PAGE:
Mary Tautin Moloney's debut collection announces the arrival of serious poetic voice.
Mary Tautin Moloney’s debut collection opens with her title poem, with a new bride changing into an old bathing suit to take an impromptu swim with her husband, literally taking the plunge into a “sudden depth of water without a lot of questions,” and taking us with her. This scene sets up what is to come, a heady mix of nature and domesticity, lyricism and passion, acceptance and insistence, all rendered in language and imagery that is strikingly original, a confident display of mastery of form and line announcing the arrival of a serious poetic voice. Who else, for instance, might compare a looming hurricane to the press of blankets descending on her childhood bed? Domestic images occur often, such as the observation that “It helps to have laundry waiting” as a way of maintain perspective, “reaching / inside to separate big from small.” Not that she has any illusions of marital bliss — “It isn’t kindness that has kept us together” — and her portrayal of motherhood is unflinching, recognizing that the needs of her newborn take precedence over “my pillbox of loss” (another wonderful image). In another candid admission, she records how she was “Delivered to forty / it’s verity, lust intact,” and that intensity and craving inform her poetry. “I’ve never / been good at sarcasm,” she says, “Never / known the thing that makes me real.” Perhaps not – but there is very real and fully realized life in these pages.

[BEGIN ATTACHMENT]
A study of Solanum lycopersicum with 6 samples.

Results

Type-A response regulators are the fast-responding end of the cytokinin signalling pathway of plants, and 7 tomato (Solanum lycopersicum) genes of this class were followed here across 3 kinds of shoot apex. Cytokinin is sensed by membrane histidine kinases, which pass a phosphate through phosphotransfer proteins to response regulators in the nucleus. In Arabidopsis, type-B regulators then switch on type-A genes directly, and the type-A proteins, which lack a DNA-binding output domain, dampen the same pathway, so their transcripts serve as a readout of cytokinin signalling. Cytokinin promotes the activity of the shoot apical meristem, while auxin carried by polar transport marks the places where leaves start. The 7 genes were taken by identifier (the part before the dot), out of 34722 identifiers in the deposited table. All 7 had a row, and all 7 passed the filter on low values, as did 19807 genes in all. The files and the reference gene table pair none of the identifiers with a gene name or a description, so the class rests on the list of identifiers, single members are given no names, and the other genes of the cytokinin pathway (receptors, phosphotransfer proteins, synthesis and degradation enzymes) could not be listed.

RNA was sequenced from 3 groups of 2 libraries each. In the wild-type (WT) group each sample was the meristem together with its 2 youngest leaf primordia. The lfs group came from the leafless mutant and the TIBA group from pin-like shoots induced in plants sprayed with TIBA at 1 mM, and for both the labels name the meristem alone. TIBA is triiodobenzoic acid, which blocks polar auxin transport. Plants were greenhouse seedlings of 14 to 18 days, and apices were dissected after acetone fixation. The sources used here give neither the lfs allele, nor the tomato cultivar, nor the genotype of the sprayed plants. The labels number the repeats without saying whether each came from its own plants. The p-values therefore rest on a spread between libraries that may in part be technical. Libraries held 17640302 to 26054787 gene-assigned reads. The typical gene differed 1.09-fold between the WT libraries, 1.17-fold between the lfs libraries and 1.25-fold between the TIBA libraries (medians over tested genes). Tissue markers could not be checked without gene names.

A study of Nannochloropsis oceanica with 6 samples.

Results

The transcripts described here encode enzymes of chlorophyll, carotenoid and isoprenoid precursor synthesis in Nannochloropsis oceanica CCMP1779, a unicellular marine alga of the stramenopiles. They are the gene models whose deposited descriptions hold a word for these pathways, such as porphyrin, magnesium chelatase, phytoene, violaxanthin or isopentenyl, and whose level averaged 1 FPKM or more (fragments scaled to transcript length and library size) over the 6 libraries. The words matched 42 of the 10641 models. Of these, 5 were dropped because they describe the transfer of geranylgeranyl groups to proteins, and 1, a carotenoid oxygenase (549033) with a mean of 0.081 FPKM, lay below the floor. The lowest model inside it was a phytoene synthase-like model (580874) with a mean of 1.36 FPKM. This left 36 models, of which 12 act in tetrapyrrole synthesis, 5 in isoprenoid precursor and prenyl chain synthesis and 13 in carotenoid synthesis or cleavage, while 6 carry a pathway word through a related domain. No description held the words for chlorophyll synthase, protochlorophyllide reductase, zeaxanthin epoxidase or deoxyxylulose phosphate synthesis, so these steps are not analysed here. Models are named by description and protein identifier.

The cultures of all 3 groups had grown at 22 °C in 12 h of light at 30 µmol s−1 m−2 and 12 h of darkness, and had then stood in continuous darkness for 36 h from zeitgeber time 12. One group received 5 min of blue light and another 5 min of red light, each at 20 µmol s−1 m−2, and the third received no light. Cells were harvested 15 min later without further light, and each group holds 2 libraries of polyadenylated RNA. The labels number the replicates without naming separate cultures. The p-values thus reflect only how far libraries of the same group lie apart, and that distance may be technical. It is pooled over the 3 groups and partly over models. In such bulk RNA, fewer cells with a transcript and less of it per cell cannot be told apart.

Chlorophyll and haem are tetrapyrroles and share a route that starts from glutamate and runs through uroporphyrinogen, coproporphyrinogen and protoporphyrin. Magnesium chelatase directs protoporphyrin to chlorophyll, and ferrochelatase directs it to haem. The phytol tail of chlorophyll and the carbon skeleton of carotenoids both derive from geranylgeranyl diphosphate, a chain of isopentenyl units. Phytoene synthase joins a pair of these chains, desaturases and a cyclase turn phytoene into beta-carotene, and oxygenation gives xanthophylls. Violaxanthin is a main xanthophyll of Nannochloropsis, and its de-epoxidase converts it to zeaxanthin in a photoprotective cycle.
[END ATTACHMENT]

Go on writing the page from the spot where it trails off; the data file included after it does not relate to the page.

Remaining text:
“‘I’m tipping myself toward,’ Mary Tautin Moloney writes in her gorgeous debut, At the Base of Kaaterskill Falls; and, indeed, these poems are wonderfully restless, churning prepositionally toward/against/onward as interior and exterior worlds collide. This collection simmers, turbulent and passionate.” —Victoria Redel, author of Paradise
“In this meditative debut, Mary Tautin Moloney’s lyric stands ‘at the edge, unable to separate falling // from a choice to fall.’ Hers is a pre-lapsarian erotic which fluidly glides between the quiet domestics of marriage and parenthood to observations about the natural and religious worlds in equal honest wonder. A butterfly is both ‘a sore // muscle stretched’ and also the product of ‘the terrible // beautiful hatched.’ These poems are slender whispers of the interior, distilled moments filled with Lorca’s duende, her lines, brush strokes painting the ‘scar ascending like doves.’ Moloney’s poetry is exquisitely incandescent.” —Diana Khoi Nguyen, author of Ghost Of
“As its title promises, At the Base of Kaaterskill Falls draws on landscapes at once lovely and brutal, soothing and turbulent, ephemeral yet fixed to convey every tension the speaker cannot stop nursing. Even the language here—lyricism smashed against fractured syntax—is as unsettled as it is pleasant. Here is a speaker enamored by inevitable hurricanes and labor pains, by what urgency insists bodies together, by what’s wanted and what can’t be had, and by what was expected and what came. Mary Tautin Moloney simultaneously praises what she breaks, stacking impacts while collapsing distances fighting to widen between and within us, in an effort to move forward and to hold what can be held.” —Lisa Fay Coutley, author of tether
Poetry. Women's Studies.
Mary Tautin Moloney is a 2021 National Poetry Series finalist and a recipient of the 2015 Bread Loaf Bakeless Camargo Residency fellowship in Cassis, France. Her work has appeared in Tar River Poetry, Quarterly West, and The Florida Review, among others, and she has an MFA in Poetry from Sarah Lawrence College. She works as a freelance instructional designer and is a volunteer mentor for Memorial Sloan Kettering's Visible Ink Writing Program. Originally from Wisconsin, she lives with her family in Maplewood, New Jersey.